Posted by on September 11, 2013 | Contests/Events, Education


To give you a taste of what a day at the workshops entails, scroll down for a peek behind the scenes of the August workshop with photographic storyteller extraordinaire Keith Carter, who has been teaching at the workshops for the past 18 years!

Poetic Storytelling with Thatcher Cook
September 29 to October 5


Thatcher Cook is a documentary photographer who has spent his life telling stories with images, for humanitarian aid organizations working with refugees and other people affected by war, economic upheaval, and natural disaster. His clients include international non-governmental organizations (NGOs) which have sent him on assignment to over sixty countries

In his workshop, ‘Poetic Storytelling’ this fall, his students will learn exciting and effective ways to communicate their unique experiences of the world. The most profound picture stories are multi-layered, and how a story is told is often more important than the narrative itself. His workshop will begin with an in-depth analysis of each student’s portfolio in an effort to reveal the common thread that runs through his or her work. Subsequently, Thatcher will guide students in the full realization of their uniquely personal visions.

Keith Carter’s ‘A Certain Alchemy’

6:00 AM


The day begins early for some, awake to the smell of ocean mist. We embark into the silver morning light to make some images before class. The fog, which settled in thick last night, sits idly over campus, a cloak of summer quiet. A short walk takes us to the harbor, past fields of cattle, and farmhouses, resting, silent. The only sounds are muffled footsteps, the click of shutters, and the slap of waves.

8:00 AM


Breakfast awaits us, with the smell of hot coffee and bacon. Under the dining tent, students, instructors, and staff members file drowsily in. Everyone takes a seat together at long picnic tables to begin planning the day.

As at every meal, the tent is buzzing with the clatter of dishes, and excited talk of shoots, locations, images, and gear. This morning, the sound of rain patters overhead.

8:30 AM


The class walks back to the room for critique. Keith pulls up their images from yesterday. We go through each of them, choosing the five strongest from each student. Some need work. ‘We’ll fix you right up,’ he says, in an amiable southern drawl. He is never discouraging, but he can see the fear in a photograph, and when it is clinging to what feels safe.

‘I was afraid yesterday,’ one woman says, looking at her work. ‘Yeah.’ Keith remarks, ‘But you won’t be today.’ Other images take our breath away.

12:00 PM


By lunch, in true Maine fashion, the fog has given way to intense sunshine. Steam drifts in the heat, and the air turns dry and warm. The class heads to a nearby house nestled in the woods just outside of town. Down a trail to Lily Pond, we make our way to a dock for a class photo. The dock, a wobbly, sad excuse for a flotation device, buckles under the weight of fifteen adults. Keith laughs gently. ‘Y’all worry too much.’ The day is about taking risks, after all.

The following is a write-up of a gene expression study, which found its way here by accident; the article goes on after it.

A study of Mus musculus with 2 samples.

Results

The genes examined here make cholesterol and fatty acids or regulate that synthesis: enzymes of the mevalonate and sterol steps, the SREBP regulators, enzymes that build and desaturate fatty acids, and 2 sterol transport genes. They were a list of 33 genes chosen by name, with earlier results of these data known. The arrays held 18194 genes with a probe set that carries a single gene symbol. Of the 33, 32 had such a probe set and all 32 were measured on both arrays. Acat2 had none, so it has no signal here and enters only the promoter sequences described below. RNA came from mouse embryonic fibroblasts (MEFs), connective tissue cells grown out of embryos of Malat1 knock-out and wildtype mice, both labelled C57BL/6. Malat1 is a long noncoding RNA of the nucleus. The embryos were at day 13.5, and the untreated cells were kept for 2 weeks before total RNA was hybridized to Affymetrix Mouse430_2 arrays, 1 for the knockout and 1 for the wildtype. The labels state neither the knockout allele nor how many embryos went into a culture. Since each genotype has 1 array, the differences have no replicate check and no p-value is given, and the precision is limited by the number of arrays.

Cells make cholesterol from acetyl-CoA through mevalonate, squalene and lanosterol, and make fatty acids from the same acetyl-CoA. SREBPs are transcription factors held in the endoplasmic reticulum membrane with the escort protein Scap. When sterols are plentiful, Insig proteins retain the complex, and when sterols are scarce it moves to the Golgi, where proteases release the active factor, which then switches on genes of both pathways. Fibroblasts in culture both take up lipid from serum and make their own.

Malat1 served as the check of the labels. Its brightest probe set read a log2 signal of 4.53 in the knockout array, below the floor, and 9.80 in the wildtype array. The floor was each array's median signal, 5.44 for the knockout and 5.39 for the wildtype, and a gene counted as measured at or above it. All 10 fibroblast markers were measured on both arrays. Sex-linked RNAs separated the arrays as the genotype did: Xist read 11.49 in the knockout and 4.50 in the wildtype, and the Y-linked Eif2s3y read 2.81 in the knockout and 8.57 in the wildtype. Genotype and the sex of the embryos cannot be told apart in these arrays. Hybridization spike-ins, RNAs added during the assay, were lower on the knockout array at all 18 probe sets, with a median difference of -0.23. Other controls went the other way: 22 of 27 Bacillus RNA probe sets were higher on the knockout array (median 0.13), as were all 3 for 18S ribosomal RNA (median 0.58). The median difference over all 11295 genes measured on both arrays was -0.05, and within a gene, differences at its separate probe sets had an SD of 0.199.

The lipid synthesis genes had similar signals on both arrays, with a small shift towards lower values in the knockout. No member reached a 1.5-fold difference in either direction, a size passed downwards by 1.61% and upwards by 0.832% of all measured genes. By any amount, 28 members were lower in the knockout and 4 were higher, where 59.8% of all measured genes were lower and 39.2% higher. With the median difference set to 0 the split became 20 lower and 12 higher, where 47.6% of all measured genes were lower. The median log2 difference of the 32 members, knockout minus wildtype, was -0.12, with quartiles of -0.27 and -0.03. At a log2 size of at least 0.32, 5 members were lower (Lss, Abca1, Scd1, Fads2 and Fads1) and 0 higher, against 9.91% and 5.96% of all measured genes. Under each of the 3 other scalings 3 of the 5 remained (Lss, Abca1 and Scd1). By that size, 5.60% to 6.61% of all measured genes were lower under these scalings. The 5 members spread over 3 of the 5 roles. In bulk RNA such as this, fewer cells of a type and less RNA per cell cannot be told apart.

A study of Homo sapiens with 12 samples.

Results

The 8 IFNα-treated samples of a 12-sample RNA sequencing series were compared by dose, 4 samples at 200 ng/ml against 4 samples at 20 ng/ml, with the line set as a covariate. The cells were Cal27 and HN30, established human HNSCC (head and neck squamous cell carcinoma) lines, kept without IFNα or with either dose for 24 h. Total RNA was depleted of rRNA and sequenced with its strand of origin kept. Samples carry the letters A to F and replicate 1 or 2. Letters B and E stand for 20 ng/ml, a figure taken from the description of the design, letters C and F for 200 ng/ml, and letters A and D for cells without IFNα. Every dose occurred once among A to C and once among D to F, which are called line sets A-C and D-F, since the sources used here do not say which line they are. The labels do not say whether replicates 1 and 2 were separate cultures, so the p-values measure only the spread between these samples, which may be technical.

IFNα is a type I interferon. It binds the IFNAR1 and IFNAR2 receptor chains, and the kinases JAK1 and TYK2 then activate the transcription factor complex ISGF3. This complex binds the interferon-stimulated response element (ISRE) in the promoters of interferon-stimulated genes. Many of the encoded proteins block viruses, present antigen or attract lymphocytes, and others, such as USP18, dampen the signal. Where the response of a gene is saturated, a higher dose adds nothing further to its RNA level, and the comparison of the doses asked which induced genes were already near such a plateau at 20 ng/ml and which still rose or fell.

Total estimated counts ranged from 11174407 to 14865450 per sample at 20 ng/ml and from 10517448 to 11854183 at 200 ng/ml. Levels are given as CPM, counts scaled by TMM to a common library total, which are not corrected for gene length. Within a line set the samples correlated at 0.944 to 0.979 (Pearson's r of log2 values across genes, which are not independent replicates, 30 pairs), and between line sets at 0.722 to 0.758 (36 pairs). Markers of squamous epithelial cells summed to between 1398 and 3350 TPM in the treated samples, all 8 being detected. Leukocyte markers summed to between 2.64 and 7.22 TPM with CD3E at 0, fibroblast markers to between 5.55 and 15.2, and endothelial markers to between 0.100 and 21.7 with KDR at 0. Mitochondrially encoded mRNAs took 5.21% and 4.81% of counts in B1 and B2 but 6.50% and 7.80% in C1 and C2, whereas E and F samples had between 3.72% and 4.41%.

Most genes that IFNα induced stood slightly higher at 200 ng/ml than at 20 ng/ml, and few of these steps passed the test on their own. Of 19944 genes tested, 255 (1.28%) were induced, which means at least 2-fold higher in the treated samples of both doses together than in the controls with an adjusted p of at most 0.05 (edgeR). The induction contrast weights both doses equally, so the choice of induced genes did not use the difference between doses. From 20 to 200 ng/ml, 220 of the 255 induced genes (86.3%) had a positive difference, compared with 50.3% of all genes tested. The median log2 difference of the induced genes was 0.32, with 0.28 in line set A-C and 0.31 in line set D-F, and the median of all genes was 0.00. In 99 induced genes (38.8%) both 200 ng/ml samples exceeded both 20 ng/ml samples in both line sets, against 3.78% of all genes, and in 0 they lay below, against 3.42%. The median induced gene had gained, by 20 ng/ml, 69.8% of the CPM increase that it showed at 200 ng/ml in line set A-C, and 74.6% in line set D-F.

3:00 PM


More shooting. I am enlisted as a model, along with three others. The four of us stand naked before the class. We sit on lawn chairs and on cars and climb trees. I am struck by the spontaneity and simplicity of it all. “Stand on that rock, and stick your head through those leaves,” Keith suggests. “Anyone have a hoola hoop?” Just like that, photographs happen.



The images that come from the afternoon are otherworldly. They speak to the sort of alchemy that Keith has said drew him to photography back when he was a child. Back in the classroom, so far removed from the warm, glaring sunlight and over-saturated green of the afternoon, there is magic in them.

6:00 PM

For dinner, the class gathers at Keith’s for pizza and wine. As the sun begins to set, we are all tired but wide-eyed and brimming with the joy that accompanies a long, perfectly drawn out summer day. After just a few days, there is intimacy, closeness, and understanding amongst the class. Conversations about art and technique and concept have merged seamlessly into discussions of family, love, and loss. The night ends in the living room, singing along to Guy Clark with Keith on the guitar.


10:00pm

People head off into the dark, some back to the lab to upload and edit, some with their cameras to shoot. In another few days, these students will return to their jobs and respective routines. But, for one week, their worlds have been interrupted and simplified, down to the basics of listening and of looking; of using their cameras and letting go of apprehension. Something Keith said this morning stood out. “Sometimes I think I have spent my whole life waiting for my world to be enlarged”. Today, even in a tiny corner of coastal Maine, the images waiting to be made were infinite.